Vice President Biden was in Charlotte, N.C. on Wednesday night and attended a fundraising event at the home of Erskine and Crandall Bowles, according to a pool report distributed by the Biden campaign.
Erskine Bowles, who did a stint as Bill Clinton's chief of staff, was co-chairman of the Simpson-Bowles bipartisan deficit reduction commission that in 2010 issued a report with a lot of interesting ideas, including a fundamental tax reform that would have replaced the current income tax rates with just three — at 8%, 14%, and 23%.
"Biden spoke to a poolside crowd of roughly 140 people from 8:50 p.m. to 9:17 p.m.," according to the report, which is called a pool report because one reporter represents the entire pool of press, not because the fundraiser's backyard featured a swimming pool.
In his trade negotiations with China, President Trump increasingly seems to be taking the approach advised by Natan Sharansky and Ron Dermer, I write in my column this week. Please check out the full column at the New York Sun (here) and Newsmax (here).
Amtrak now has a reasonably nice glossy print magazine called The National. The current issue features a half-page color advertisement from the Citizenship by Investment Unit of the government of Antigua and Barbuda, promoting a program established in 2013 that offers citizenship in that Caribbean island nation in exchange for a contribution of $100,000 to the country's National Development Fund. Benefits, according to the ad, include "visa-free access to more than 150 countries, including the United Kingdom and Schengen area" as well as "no tax on worldwide income, inheritance, capital gains or investment returns."
Senator Elizabeth Warren and her presidential campaign are the topic of my column this week. Please check it out at the New York Sun (here), Reason (here), and Newsmax (here). The column was also mentioned in the Washington Times.
Senator Elizabeth Warren, Senator Bernie Sanders, and their campaigning against "vultures" and "vampires," as they call the financial industry, are the topics of my column this week. Please read the whole column at the New York Sun (here), Newsmax (here), the New Boston Post (here) and Reason (here).
some humility is also in order from a press that has displayed a more than usual amount of gullibility, conformism and poor judgment on just about every matter that has come before them in the past few years. If the media's not-so-secret agenda is to defeat Mr. Trump, they might consider the possibility that they are (again) going about it in exactly the wrong way.
The longtime district attorney of New York County, Robert Morgenthau, who died Sunday at age 99, is the subject of my column this week. Please check out the full column at Newsmax here and at the New York Sun here.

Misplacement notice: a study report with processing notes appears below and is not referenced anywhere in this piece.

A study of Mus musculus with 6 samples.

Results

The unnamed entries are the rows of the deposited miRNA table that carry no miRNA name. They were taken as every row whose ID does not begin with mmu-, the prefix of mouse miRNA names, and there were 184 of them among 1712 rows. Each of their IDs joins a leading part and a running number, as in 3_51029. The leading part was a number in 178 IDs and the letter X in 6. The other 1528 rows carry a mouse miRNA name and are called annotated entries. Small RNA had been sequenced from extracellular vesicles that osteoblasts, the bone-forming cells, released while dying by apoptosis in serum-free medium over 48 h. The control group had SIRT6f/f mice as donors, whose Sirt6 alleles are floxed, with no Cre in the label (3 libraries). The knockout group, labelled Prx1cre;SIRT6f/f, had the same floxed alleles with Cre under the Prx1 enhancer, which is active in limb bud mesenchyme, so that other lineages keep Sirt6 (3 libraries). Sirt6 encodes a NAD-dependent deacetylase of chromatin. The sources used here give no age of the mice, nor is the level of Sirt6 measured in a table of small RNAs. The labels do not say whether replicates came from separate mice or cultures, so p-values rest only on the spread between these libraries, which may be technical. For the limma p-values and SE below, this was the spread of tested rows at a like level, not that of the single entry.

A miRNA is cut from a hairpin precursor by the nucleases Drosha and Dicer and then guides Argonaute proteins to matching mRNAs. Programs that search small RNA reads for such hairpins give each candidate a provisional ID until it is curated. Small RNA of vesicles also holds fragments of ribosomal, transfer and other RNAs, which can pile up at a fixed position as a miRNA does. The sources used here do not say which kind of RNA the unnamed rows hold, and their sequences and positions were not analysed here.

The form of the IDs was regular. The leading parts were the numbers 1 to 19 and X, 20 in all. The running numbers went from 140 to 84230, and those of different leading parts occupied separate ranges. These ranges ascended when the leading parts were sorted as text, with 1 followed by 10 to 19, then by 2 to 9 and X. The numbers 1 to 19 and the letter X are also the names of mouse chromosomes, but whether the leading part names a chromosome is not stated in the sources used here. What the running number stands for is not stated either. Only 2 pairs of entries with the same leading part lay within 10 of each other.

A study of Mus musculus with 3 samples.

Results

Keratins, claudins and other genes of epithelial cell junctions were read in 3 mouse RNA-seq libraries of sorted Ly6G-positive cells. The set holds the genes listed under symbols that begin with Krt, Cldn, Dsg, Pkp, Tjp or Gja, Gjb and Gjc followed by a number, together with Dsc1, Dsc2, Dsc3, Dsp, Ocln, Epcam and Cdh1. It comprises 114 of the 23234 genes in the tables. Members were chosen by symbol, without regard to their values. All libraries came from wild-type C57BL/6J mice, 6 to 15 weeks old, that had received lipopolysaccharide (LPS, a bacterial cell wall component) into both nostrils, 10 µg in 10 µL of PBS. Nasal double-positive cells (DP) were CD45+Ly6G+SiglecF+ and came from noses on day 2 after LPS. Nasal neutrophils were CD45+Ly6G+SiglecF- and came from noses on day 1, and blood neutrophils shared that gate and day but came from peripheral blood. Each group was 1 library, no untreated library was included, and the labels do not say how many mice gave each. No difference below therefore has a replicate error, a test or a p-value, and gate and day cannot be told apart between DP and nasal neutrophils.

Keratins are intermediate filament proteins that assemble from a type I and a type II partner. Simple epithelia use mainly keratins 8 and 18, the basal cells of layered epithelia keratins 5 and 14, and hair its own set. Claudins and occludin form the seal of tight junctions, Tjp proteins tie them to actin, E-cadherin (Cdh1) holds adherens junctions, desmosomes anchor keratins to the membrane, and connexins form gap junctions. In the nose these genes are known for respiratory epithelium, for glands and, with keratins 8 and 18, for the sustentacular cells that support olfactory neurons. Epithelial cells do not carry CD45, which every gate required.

One of my favorite pieces in the history of this site is a review I wrote in 2010 of Jerry Muller's book Capitalism and the Jews. I was reminded of it this week by one of my own senators, Elizabeth Warren, a Democrat who is running for president. Warren put out an announcement this week promising to "End Wall Street's Stranglehold on Our Economy," using terms like "vampire," "sucking" and "bleeding" to describe what the financial sector is doing to the rest of America.
From my review:
The book by Mr. Muller, a professor of history at Catholic University, consists of a short introduction and four chapters. It's the first chapter, "The Long Shadow of Usury," that's the most enlightening.
The Daily News has published an op-ed I wrote about government regulation of private schools in New York. "The law at the center of the fight over the Jewish schools has its origins in a Protestant campaign against Catholic education." Please check it out here.
In 2018, Joe Biden and his wife Dr. Jill Biden earned $1,689,651 from U.S. colleges and universities. I write at Education Next: "Maybe if these colleges weren't paying $1,689,651 to the Bidens, they could lower tuition, or would require less taxpayer support, or students wouldn't have to go so deeply into debt to graduate." Please check out the entire column.
If the Democratic presidential field limps along in its current state, Senator Schumer of New York may want to take a serious look at getting in, I write in my column this week. Please check out the full column at the New York Sun (here) and Newsmax (here).
Yes, you read that correctly. From a staff editorial in Monday's New York Times embracing a supply-side approach to housing affordability:
More market-rate development is a worthy goal in its own right, because middle-income households increasingly are unable to afford housing in the metropolitan areas where economic opportunity is concentrated. Expanding the supply of housing also helps low-income families who might otherwise find themselves priced out of their apartments.
This embrace of deregulation merits particular praise because the states most resistant to allowing housing construction are the strongholds of the Democratic Party, in the Northeast and along the Pacific Coast, and the most resistant voters are the wealthy residents of those states who provide so much of the funding for Democratic presidential campaigns.